Before you pour yourself another cup, learn what the latest research says about coffee drinking and your waistline.

Lisa Valente, MS, RD
May 18, 2020

A new review study published in The Journal of Nutrition found that women who reported drinking 2-3 cups of coffee daily had about 3% lower body fat than women who didn't drink coffee. It didn't matter whether the coffee was regular or decaf. Men who drank coffee also had less body fat and belly fat, but the numbers weren't as significant as those seen in women.

Dr. Lee Smith, Reader in Public Health at Anglia Ruskin University and senior author of the study, said in a press release, "Our research suggests that there may be bioactive compounds in coffee other than caffeine that regulate weight and which could potentially be used as anti-obesity compounds."

Now, before you get too excited about drinking coffee to bust belly fat, it's important to note that while the results were significant—they were still small. The study didn't also prove that drinking coffee lowered body fat, just that there was an association.

When it comes to pouring yourself a healthy cup, it's still important to be mindful of how much sugar and cream you're adding. Coffee is basically calorie-free, but what you add to it is not. And while coffee drinks (including the viral whipped coffee) are delicious, some can have more than added sugar than the daily recommendation.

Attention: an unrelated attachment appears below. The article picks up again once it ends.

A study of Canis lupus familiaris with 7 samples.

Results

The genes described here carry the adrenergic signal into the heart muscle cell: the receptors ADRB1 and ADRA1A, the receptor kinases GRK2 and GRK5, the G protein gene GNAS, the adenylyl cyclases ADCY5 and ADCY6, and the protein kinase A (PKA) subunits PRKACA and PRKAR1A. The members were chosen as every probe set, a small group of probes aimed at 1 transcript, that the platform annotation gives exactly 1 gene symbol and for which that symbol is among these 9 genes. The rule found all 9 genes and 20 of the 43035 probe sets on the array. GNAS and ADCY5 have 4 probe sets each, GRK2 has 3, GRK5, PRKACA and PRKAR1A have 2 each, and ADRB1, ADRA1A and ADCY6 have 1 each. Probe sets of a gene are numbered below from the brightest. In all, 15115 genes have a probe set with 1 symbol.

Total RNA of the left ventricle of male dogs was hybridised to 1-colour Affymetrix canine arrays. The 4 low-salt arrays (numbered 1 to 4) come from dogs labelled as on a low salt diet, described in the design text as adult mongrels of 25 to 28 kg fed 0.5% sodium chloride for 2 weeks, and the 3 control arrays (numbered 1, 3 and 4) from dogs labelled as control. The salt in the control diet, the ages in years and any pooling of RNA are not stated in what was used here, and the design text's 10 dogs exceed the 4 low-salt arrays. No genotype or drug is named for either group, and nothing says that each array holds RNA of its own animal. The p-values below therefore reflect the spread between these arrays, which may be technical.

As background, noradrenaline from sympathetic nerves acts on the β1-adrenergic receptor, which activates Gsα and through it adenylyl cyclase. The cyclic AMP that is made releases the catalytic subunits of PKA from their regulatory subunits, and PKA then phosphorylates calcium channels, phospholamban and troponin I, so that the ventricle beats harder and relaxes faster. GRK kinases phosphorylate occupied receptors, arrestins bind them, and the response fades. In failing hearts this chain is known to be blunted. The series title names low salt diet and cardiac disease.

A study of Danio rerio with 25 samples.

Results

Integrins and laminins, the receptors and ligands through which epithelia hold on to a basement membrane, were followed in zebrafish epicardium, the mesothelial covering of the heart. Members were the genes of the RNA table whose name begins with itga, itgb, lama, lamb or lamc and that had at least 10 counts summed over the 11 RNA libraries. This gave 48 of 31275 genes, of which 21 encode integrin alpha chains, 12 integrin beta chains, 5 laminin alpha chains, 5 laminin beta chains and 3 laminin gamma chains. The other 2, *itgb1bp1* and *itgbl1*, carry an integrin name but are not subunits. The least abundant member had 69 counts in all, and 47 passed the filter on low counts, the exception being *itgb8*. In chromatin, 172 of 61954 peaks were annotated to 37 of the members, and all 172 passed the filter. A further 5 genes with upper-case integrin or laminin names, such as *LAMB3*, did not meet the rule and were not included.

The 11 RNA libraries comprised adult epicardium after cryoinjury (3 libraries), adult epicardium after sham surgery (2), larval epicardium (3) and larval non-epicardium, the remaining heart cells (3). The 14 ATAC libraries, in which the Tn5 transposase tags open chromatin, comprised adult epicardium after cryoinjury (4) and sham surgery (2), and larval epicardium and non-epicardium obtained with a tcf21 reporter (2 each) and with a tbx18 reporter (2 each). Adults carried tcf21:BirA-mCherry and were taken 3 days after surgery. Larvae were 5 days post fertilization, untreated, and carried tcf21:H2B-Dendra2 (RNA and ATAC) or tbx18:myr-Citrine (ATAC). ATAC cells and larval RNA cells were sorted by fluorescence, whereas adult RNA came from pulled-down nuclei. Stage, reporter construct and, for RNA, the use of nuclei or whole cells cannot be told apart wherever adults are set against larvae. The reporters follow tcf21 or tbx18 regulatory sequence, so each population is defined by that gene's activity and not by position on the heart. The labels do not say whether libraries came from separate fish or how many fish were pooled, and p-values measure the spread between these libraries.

Smith adds, "The study was at a specific point in time, so trends cannot be established. However, we don't believe that someone's weight is likely to influence their coffee consumption."

Cheers to your morning cup of coffee, but don't forget to take care of yourself and your health in other ways. Eat a well-balanced diet—plenty of vegetables, fruits, healthy proteins and fats (some foods are even linked with less belly fat). Exercise—walk, yoga, dance, spin—find something that works for you. Aim to get 7-9 hours of sleep (these tips from a sleep expert can help) and try not to stress too much (cortisol, a stress hormone, is linked to belly fat).